I’m currently in the throes of NaNoWriMo and working on Celestial Chaos (Supernova’s sequel, book two of The Commons), and October was a somewhat dismal month for reading, so this will be pretty short.
I’m not going to throw shade at the fairly atrocious books I subjected myself to for the month, and instead focus on the diamonds in the rough. Granted, there were few. So very few out of the nine I read. Here they are.
Memories of the Future, Volume 1, Wil Wheaton
As someone who grew up on Star Trek: The Next Generation (don’t judge, it was a decent show after the second season), I was quite delighted to discover Wil Wheaton’s books (yeah, yeah, I know, about a million years after everyone else did; I’m slow on the uptake, okay?). The book is divided up into recaps of each episode of the first half of TNG’s god-awful first season, with behind-the-scenes memories, quotable dialogue, and “obligatory technobabble.” It’s not a tell-all; everyone involved in the show is spoken of very respectfully, and Wil Wheaton has a very funny and self-deprecating sense of humor about how much Wesley Crusher was loathed. Other highlights: Majel Roddenberry (Lwanaxa Troi) was universally adored, and cast members routinely walked into the turbolift doors before a crew member could open them in time. I actually giggled on the subway at a lot of parts, which often meant I got to sit by myself. Bonus!
Balance of Terror, KS Augustin
I read KS Augustin’s In Enemy Hands last year and really enjoyed it; her work is much darker than most of the SFR I usually read (and heavy on the science part). I’m slowly making my way through her backlist (next up, A Pirate’s Passion), much of it set in the Republic universe, with different characters. Balance of Terror is the sequel to In Enemy Hands, which—to me, anyway—ended on a fairly high note given the intensity of the book’s subject matter.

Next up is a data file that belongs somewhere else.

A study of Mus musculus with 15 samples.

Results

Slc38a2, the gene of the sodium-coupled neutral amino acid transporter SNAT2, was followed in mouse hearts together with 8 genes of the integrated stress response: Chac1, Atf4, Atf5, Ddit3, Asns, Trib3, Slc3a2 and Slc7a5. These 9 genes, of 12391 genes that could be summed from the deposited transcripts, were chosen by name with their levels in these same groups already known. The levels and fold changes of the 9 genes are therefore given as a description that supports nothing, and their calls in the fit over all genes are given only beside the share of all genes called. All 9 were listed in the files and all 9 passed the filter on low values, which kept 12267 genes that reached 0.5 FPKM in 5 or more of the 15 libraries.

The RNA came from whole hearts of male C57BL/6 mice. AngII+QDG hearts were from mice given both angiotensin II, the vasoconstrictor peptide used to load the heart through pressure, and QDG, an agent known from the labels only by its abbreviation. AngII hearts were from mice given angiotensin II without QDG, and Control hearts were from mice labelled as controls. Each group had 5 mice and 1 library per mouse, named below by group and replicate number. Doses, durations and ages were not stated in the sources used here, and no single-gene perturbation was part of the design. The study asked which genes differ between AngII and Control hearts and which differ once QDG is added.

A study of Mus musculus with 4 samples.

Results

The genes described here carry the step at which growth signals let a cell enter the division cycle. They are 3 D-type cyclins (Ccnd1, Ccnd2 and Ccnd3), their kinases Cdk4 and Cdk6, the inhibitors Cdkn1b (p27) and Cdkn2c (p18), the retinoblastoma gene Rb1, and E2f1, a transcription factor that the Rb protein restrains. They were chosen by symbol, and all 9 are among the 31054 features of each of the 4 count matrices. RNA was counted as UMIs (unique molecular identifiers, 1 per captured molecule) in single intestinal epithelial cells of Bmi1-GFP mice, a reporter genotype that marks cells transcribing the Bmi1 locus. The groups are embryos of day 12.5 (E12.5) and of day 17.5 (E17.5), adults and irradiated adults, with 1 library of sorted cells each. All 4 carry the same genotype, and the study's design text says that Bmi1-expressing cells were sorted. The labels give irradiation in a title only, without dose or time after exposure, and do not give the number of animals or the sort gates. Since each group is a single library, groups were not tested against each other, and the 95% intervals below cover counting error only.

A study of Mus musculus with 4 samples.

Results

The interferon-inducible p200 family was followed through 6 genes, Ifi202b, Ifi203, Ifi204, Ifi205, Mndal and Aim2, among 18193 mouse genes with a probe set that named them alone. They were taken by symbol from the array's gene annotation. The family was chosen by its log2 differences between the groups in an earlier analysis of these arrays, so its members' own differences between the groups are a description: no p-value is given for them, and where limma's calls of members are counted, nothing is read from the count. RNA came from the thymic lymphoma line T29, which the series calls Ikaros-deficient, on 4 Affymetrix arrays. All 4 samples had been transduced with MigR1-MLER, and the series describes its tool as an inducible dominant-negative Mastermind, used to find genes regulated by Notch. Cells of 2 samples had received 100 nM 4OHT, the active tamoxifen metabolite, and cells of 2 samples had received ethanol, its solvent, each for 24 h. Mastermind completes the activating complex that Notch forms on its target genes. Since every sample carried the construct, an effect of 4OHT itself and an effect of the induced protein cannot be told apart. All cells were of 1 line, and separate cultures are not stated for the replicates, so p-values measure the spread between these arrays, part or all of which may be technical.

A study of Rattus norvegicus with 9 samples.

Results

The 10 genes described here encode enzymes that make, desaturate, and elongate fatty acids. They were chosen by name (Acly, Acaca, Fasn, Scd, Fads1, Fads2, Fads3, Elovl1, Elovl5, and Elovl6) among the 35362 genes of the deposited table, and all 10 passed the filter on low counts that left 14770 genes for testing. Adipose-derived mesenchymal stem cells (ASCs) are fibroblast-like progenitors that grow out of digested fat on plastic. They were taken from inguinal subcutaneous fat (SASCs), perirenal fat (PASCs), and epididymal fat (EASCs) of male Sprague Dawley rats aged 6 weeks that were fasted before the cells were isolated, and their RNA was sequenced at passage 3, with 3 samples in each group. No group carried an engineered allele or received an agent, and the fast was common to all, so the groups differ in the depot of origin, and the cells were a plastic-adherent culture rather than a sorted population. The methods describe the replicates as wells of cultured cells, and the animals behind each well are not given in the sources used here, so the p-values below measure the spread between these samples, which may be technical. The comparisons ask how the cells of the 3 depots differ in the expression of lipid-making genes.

Balance of Terror follows up on Moon Thadin and Srin Flerovs, stellar physicist and mathematical savant respectively, after they make a daring escape from Republic space (if you’re looking for more back story, read the first book). Between the pair, they have the knowledge to revive dead stars, and both the Republic and the band of rebels they escape to want that technology to create a missile capable of destroying entire solar systems instead. Their escape is hampered by the fact that Srin has been drugged for the past twenty years to keep him under Republic control, his memory wiped every two days, and his drug dependence genetically coded into his DNA (I’m doing some layman’s paraphrasing here—again, read the book!). If he doesn’t receive his medication in time, he develops life-threatening hyperpyrexia. By the time Balance of Terror begins, Moon has developed a crude drug cocktail to keep Srin stable and his recent memories intact, and together they have to figure out a way to finally live as they’ve always wanted: Together and free, without the pressures and politics of the corrupt Republic government and bands of rebels.
So, bright spots aside, here’s to hoping that November will be a better month, reading-wise. And to everyone else tormenting themselves through NaNoWriMo (I’m kidding…sort of), write on and have fun!